What is good for the heart is good for the brain!
Eminent Geriatric Psychiatrist and Professor at NIMHANS, Bengaluru, Dr. Mathew Varghese had visited Kozhikode in the first week of February to deliver a speech at the inaugural event of the “MHAT Expert Lecture Series” at Nalanda auditorium.
On the sidelines of the event, Dr. Manoj Kumar of Mental Health Action Trust (MHAT) had a conversation with Dr. Mathew Varghese.
Q. Why should we focus on the mental health of the elderly?
There are many reasons. Older people suffer with multiple chronic medical problems, such as diabetes, hypertension, heart disease etc. 30-50% of such people with medical problems will also have mental health problems. Even people who do not suffer with medical illnesses have a higher rate of depression and anxiety (10- 20%). Besides these, there are other psychological issues and then of course is the huge problem of dementia.
Q. Why focus on dementia?
Mainly because of the numbers. In India, there are about 10 crores of people above the age of 65 years. Of these 3-5% will develop dementia. Thus we have over 40 lakhs people with dementia in our country which makes us second only to China. And that is not all. In 20 years, there will be twice as many people who will struggle with dementia.
Q. So what needs to be done?
For illnesses such as clinical depression and anxiety, early detection is the key. Nowadays, there are good medication options and increasingly, psychotherapy or counselling options are also being used.
Q. What about dementia?
Here also, it is imperative that we identify people with early memory problems. Memory problems in the elderly should not be seen as part of normal ageing. Once detected, there is the potential for treatment which will at least slow down the progression of the disease.
Q. Depression and dementia are major issues. What about other psychological problems?
People in the older age group are particularly vulnerable to problems such as bereavement and other major life happenings. These lead to severe losses and role changes. One particular problem is dependence on prescription drugs such as Loraepam and Clonazepam. Besides, the elderly are not immune to being dependent on alcohol and other drugs. Suicide among the elderly is also not unheard of.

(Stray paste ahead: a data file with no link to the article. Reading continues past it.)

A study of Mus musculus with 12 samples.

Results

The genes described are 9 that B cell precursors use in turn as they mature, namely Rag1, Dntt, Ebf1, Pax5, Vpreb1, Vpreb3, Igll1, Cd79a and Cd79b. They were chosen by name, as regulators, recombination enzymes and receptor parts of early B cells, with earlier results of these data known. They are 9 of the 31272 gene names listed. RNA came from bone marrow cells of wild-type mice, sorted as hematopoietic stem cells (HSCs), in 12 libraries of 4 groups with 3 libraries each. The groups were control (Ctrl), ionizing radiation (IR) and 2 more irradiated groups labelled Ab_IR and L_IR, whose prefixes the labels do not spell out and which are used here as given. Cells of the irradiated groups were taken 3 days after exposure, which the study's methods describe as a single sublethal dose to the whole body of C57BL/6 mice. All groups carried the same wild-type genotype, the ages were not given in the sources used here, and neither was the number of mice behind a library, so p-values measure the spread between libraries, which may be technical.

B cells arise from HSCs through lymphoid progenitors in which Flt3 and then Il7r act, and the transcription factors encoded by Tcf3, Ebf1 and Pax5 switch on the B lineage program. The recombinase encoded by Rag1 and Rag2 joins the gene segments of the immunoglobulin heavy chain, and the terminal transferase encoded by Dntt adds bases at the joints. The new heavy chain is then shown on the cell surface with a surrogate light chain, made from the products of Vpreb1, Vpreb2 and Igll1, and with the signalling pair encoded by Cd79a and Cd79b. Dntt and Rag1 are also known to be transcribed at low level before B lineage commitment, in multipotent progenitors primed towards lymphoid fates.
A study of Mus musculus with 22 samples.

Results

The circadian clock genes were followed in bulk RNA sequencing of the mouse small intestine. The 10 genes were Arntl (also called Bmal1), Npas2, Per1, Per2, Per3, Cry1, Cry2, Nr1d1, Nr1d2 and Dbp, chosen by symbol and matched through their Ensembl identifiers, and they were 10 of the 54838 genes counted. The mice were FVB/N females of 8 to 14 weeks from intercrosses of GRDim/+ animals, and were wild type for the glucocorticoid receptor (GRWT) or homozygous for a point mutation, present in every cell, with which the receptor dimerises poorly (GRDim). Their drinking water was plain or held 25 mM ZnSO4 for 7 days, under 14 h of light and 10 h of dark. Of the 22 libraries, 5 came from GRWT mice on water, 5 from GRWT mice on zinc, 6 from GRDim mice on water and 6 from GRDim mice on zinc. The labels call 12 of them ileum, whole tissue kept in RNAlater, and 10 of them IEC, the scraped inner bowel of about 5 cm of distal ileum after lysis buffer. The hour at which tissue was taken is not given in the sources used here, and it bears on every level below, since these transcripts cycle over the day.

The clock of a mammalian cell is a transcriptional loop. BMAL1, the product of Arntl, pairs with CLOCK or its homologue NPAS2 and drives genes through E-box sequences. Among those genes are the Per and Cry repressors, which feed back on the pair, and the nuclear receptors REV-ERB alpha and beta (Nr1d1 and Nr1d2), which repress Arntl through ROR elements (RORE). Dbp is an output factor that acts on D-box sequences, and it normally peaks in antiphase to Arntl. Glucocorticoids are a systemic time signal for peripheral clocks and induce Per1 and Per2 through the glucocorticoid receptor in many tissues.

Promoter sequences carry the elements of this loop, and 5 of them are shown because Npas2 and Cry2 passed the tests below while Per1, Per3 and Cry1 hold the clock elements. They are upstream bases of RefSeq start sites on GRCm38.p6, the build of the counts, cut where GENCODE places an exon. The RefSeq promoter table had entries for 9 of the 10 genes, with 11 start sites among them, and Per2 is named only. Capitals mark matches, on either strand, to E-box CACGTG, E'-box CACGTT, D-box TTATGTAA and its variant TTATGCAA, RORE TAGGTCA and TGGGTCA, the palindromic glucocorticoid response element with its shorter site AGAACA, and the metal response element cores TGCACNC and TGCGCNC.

Q. Why does the elderly become depressed?
As we grow older, we become increasingly socially isolated. There is a progressive reduction in our involvement with the family and society. Often, there are conflicts with children or other family members. Significant life events happen, such as the death of the spouse, deaths of contemporaries and retirement from life-long occupations. Besides, there is increasing frailty from physical diseases.
Q. How can we prevent dementia?
We have to start early, even in the third, fourth of fifth decades of life. Lifestyle modification including changes in dietary and other habits and exercise will help. Besides, maintaining social networks is very important. The other important aspect is more difficult to achieve, which is being at peace with one self. Coping well with stress will definitely help. Keep your brain active through mental exercises such as learning a new skill or solving puzzles or doing Sudoku.
Q. You mentioned diet and life style earlier. Can you please elaborate?
In general, I would say that what is good for the heart is good for the brain. By this, what I mean is that things which have been proven to be effective in reducing the risk of heart disease are also found to be of benefit in protecting dementia. These include regular exercise, losing extra weight, reducing carbohydrates and a diet which is predominantly based on vegetable, fish, nuts and legumes. Controlling diabetes and hypertension, especially in the early years is very important.
Q. Despite the needs being so obvious, why are mental health services for the elderly lacking?
There is a prevailing tendency to minimize the health problems of the elderly and to see them as part of natural process of aging. Perhaps because of this, the need for a national response was felt by the government leading to the announcement of a National Program for the Health care of the Elderly recently. As per this, all medical colleges are expected to have separate geriatric departments and at the district level there should be geriatric clinics. The most important part of this will be to train health workers to provide care at home. The focus in India should be on providing care at home and not in nursing homes or in hospitals. This is exactly what all of you in MHAT are doing for younger people with mental illness. The care can be informal or unpaid or it could be even paid care.
As you know, MHAT is planning such a service for the elderly in Kozhikode in the near future. We are also training geriatric care workers in association with TISS Mumbai. Yes, these are steps in the right direction.